Hot Rod

This past summer has spawned a great year of popular films. Overall, I liked most of what I saw, including the much-maligned Spider-Man 3 and Hostel: Part II. In addition to the summer blockbuster, we also got a nice sampling of screwball comedies, leading the season with Knocked Up and rounding it out with Superbad. Stuck in the middle was a hilarious little flick called Hot Rod.

Billed as “From the co-creators of the hilarious, Emmy winning SNL digital short D**K IN A BOX,” it’s not a surprise that this film is loaded with sophomoric humor. But for people like me who are fans of sophomoric humor, it’s a hoot.

Hot Rod tells the story of possibly the dumbest stuntman in the history of the world. It’s a heartwarming story because he never makes a jump, yet that doesn’t stop him from trying. It’s a mindless romp into endless stupidity, and it made me laugh.

Calling Hot Rod a stupid movie is not a dig at the film. It’s the ultimate praise because this is clearly what the filmmakers were going for. The low-brow slapstick humor and moronic gags are what make Hot Rod out to be one of the funniest films of the summer. Imagine a bunch of retarded high school kids got together to make their low-budget version of Talladega Nights… and ended up making a funnier film by far. This is the experience of Hot Rod.

While it contains some inappropriate sex and drug jokes, Hot Rod can even be fun with kids. Consider it to be a modern-day version of The Three Stooges, which isn’t exactly wholesome but has some hilarious slapstick. Of course, after watching it with my kids, I found myself yelling “No more stunts, guys!” out the back door several times that afternoon.

The DVD comes with a fine assortment of special features. It’s not loaded as you might expect with some comedies, but it has its moments. Leading off is a commentary by director Akiva Schaffer, Andy Samberg and Jorma Taccone. There’s also a relatively unfocused behind-the-scenes feature that showcases more how Samberg likes to see crew members without their shirts and co-star Taccone like to run around pantless.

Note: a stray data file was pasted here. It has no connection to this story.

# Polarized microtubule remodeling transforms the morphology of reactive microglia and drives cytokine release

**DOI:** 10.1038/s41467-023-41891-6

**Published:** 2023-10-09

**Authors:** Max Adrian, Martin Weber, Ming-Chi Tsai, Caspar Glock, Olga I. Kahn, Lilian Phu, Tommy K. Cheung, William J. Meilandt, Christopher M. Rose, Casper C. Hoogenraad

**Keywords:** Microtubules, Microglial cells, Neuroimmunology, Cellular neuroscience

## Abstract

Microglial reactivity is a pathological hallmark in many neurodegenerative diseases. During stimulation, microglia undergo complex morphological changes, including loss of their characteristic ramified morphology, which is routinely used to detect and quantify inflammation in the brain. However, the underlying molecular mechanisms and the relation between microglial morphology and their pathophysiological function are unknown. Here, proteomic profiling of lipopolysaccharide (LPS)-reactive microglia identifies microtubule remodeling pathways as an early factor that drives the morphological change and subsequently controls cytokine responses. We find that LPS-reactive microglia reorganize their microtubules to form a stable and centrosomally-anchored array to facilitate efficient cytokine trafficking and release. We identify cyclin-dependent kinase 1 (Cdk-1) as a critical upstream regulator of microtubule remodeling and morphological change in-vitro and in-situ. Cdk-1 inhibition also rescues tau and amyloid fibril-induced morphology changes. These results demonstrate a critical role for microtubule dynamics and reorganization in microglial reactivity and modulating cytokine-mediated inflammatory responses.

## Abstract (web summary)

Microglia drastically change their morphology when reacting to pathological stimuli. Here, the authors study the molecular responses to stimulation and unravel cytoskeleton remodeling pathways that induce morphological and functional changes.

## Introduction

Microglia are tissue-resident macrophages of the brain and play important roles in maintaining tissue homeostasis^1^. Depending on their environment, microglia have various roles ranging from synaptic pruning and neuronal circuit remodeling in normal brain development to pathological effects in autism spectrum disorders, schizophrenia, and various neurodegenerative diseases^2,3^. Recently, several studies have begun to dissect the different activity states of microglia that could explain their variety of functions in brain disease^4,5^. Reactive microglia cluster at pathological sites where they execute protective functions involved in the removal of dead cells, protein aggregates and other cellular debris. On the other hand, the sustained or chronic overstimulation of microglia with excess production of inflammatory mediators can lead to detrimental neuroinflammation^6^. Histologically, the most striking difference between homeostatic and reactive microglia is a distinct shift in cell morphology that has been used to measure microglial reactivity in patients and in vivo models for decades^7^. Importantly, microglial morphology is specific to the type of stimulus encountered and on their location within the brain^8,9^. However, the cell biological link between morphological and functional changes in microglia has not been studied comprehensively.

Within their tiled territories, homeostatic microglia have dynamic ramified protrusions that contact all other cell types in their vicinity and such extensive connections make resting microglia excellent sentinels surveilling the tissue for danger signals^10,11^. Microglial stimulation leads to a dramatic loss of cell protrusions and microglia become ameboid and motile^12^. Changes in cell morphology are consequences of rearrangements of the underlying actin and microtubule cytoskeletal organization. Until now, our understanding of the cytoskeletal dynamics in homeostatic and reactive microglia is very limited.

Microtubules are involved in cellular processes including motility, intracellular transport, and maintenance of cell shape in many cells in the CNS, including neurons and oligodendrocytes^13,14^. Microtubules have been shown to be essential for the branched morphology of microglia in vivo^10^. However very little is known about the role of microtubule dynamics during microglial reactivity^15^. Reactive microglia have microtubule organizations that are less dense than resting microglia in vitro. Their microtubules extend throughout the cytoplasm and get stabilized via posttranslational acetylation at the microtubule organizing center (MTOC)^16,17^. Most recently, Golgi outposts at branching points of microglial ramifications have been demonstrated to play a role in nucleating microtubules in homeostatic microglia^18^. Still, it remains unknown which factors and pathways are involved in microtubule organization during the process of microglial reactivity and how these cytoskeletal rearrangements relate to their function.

Finally, there’s an allotment of deleted and extended scenes as well as a Rod Kimble stuntman reel, which includes an email address at the end for bookings. (Sadly, if you send an email to, it comes back undeliverable.)

Grade: A-

Release Date: November 27, 2007
Rated: PG-13
Running Time: 88 minutes
Number of Discs: 1
Cast: Ian McShane, Sissy Spacek, Will Arnett, Isla Fisher, Andy Samberg
Director: Akiva Schaffer
Studio: Paramount Home Entertainment

Kevin Carr crawled from the primordial ooze in the early 1970s. He grew up watching movies to the point of irritation for his friends and was a font of useless movie knowledge until he decided to put that knowledge to good use. Now, Kevin is a nationally syndicated critic, heard on dozens of radio stations around the country, and his reviews appear in a variety of online outlets. Kevin is also a proud member of the Broadcast Film Critics Association (BFCA), the Online Film Critics Society (OFCS), and the Central Ohio Film Critics Association (COFCA).